People often have difficulty in fully expressing their concerns in consultations with doctors1 and this may adversely affect outcomes. Some issues go unvoiced or are introduced in a “by the way” presentation at the end of the consultation. The temporal order by which patients present their agendas may not reflect their perceived importance or match the doctor's prioritisation. The first item raised may be the most socially acceptable, and the last (or unvoiced) item—such as breast lumps or rectal bleeding—may be the vaguest or most embarrassing.
If they have time doctors may try to counter this by an open question, asking if there are any other problems.2 But doctors have to work within time constraints, and a few actively discourage the presentation of more than one problem per consultation. Examining the issue of patients' agendas—their ideas, concerns and expectations—brings out the tension between a patient-centred model of the consultation and the structural constraints of medicine. Against this background, Middleton and colleagues report in this week's BMJ (p 1238) a trial of a self completed agenda form in primary care, embedded in a trial of general practitioner education.3
General practitioners were randomised either to attend an educational workshop and learn how to use the patient agenda form or to a control group invited to attend the workshop after the trial. In both arms of the trial, patients who were about to see their general practitioners were randomised to use the agenda form during their consultation or not. Both interventions had a similar aim—to improve gathering of the patient's agenda by the doctors. The agenda form was a single sheet inviting patients to list their points, related thoughts and questions, and asking whether they wanted a prescription, explanation, investigation, or certificate.
There have now been three large randomised controlled trials of agenda gathering in primary care, although the third—ours—has not yet reported. The other published study was of a leaflet encouraging patients in the waiting room to list issues they wished to discuss (though without writing them down).4 Such interventions can serve two broad functions. Patients may use the form to expand on the main problem by outlining their concerns and expectations, or they may list additional problems. If an agenda form allows the patient to elaborate on the problem, doctor and patient may be more likely to reach a common view about what the outcome of the consultation should be.5 Such concordant consultations may alter prescribing, investigation, or referral decisions, in either direction.
Some patients may use an agenda form to express their wish for a prescription, which the doctor may not have considered. Conversely, some patients may regard their problem as not warranting a prescription that might otherwise have been issued. Middleton and colleagues' study did not report such outcomes, although Little and colleagues found an increase in investigation and prescribing, but not referral, when such items were specifically requested on the pre-consultation questionnaire.6 Middleton and colleagues' study shows that additional problems are identified when patients use an agenda form and when doctors are trained to use such a form. These additional problems come with a price tag, owing to increased consultation time. Little and colleagues also found this.4 The overall time per problem was unchanged: this was not a case of three problems being managed for the price of two, but three for the price of three. An increase in overall patient satisfaction was seen only in the smaller one of these trials,4 and it is not known whether the slight delay affected the satisfaction of subsequent patients.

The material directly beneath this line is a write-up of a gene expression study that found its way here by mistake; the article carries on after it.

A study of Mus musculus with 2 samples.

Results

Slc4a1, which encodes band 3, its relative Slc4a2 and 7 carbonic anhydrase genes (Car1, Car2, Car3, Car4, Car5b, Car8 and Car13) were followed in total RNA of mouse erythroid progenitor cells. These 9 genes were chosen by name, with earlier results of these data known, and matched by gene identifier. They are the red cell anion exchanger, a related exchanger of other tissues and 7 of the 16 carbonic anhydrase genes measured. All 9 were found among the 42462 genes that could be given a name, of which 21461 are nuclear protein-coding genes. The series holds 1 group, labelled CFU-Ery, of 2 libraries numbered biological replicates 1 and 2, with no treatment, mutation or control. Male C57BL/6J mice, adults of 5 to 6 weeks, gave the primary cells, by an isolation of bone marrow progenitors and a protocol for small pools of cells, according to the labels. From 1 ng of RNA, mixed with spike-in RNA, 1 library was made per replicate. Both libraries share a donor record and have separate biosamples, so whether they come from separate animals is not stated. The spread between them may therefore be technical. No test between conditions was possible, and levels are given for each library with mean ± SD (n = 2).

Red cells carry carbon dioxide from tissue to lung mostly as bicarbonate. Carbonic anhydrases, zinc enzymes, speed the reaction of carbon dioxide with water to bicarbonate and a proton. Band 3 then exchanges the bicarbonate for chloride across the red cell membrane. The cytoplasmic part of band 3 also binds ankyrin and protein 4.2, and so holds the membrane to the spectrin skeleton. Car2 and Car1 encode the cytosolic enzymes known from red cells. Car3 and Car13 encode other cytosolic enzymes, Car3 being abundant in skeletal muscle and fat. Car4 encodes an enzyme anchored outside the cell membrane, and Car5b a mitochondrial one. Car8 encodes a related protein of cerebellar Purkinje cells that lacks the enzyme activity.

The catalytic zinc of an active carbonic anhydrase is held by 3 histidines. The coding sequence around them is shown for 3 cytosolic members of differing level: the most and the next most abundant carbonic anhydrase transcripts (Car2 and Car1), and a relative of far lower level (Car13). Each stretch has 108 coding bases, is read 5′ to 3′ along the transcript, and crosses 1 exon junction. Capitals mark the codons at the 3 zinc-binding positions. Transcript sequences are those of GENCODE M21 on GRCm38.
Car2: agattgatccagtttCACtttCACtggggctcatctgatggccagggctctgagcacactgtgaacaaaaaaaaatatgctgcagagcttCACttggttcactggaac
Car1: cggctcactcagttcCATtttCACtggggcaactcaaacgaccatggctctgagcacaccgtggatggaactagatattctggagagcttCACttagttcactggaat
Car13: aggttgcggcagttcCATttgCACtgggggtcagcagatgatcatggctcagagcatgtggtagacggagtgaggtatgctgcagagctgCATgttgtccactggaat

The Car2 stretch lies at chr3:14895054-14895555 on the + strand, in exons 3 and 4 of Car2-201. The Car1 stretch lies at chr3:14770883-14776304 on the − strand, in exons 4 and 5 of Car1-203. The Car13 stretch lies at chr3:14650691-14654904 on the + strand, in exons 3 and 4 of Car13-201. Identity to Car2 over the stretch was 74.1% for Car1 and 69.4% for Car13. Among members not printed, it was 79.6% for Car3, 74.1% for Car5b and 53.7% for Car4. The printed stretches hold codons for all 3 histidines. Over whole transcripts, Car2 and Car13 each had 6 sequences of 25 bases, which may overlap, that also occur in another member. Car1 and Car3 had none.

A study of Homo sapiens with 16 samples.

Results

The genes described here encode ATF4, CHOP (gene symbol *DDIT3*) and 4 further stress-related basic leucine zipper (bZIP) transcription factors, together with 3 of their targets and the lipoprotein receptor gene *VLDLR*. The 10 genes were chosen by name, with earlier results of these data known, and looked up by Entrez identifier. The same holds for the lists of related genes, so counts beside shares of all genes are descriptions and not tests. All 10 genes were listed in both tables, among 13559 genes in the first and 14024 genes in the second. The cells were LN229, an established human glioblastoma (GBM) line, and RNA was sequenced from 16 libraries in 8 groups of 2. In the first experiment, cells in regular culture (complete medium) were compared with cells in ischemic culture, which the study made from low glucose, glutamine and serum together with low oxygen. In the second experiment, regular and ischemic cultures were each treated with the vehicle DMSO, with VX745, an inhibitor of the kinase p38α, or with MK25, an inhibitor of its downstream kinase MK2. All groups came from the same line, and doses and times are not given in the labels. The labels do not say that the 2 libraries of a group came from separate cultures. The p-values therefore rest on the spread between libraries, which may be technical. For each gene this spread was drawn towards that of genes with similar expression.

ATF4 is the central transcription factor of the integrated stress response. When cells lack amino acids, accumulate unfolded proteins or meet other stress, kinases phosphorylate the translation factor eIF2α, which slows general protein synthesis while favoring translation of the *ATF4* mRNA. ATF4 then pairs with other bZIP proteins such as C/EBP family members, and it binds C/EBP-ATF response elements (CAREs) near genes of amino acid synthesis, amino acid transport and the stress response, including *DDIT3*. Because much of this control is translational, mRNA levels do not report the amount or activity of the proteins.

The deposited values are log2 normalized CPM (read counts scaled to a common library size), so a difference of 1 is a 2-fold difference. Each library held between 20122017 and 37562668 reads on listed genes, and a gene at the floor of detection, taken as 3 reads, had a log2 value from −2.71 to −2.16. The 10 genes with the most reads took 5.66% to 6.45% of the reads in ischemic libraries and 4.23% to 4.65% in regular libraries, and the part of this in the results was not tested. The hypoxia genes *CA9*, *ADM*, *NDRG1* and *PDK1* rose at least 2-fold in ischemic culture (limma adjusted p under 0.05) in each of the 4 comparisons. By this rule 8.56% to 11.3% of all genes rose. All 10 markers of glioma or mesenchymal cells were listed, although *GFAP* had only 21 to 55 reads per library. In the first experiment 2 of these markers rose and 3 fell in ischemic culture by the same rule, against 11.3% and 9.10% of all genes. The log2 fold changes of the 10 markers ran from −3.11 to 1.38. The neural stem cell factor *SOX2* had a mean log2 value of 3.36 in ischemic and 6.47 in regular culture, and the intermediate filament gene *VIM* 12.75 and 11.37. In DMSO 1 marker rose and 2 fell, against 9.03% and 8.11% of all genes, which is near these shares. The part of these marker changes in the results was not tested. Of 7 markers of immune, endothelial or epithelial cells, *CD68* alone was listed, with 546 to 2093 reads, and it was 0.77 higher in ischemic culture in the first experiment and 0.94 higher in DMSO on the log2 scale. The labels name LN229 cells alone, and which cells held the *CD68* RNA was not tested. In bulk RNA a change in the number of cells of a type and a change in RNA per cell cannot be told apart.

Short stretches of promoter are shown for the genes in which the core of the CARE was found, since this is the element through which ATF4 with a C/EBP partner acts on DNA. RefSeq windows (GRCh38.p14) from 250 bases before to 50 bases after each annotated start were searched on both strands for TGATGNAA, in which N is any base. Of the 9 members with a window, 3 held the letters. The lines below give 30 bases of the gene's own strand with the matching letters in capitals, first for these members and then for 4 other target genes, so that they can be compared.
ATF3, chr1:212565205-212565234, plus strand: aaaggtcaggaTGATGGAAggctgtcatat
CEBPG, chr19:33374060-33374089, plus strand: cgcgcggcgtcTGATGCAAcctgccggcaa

The key issue will be the importance, to the patient or the doctor, of the additional problems or concerns uncovered by the intervention. If these problems were always going to be raised—presumably at a later consultation—then there has been an efficiency gain. This should manifest itself in a reduction in reattendances, though this outcome was not measured. There is a large pool of symptoms in the community which never reach medical attention.7 Patients judge the seriousness of their problems when choosing whether or not to consult, and they are usually right.8,9 Agenda forms may simply medicalise problems that would otherwise not rise above the threshold for consultation. This is not necessarily a bad thing, because the doctor may be able to explain the circumstances in which a similar problem would warrant medical attention.
Perhaps the main benefit from agenda forms is allowing embarrassing problems to be voiced. Until the content of such forms is analysed, however, this must remain supposition and the potential value of agenda forms in routine clinical practice will not have been fully assessed.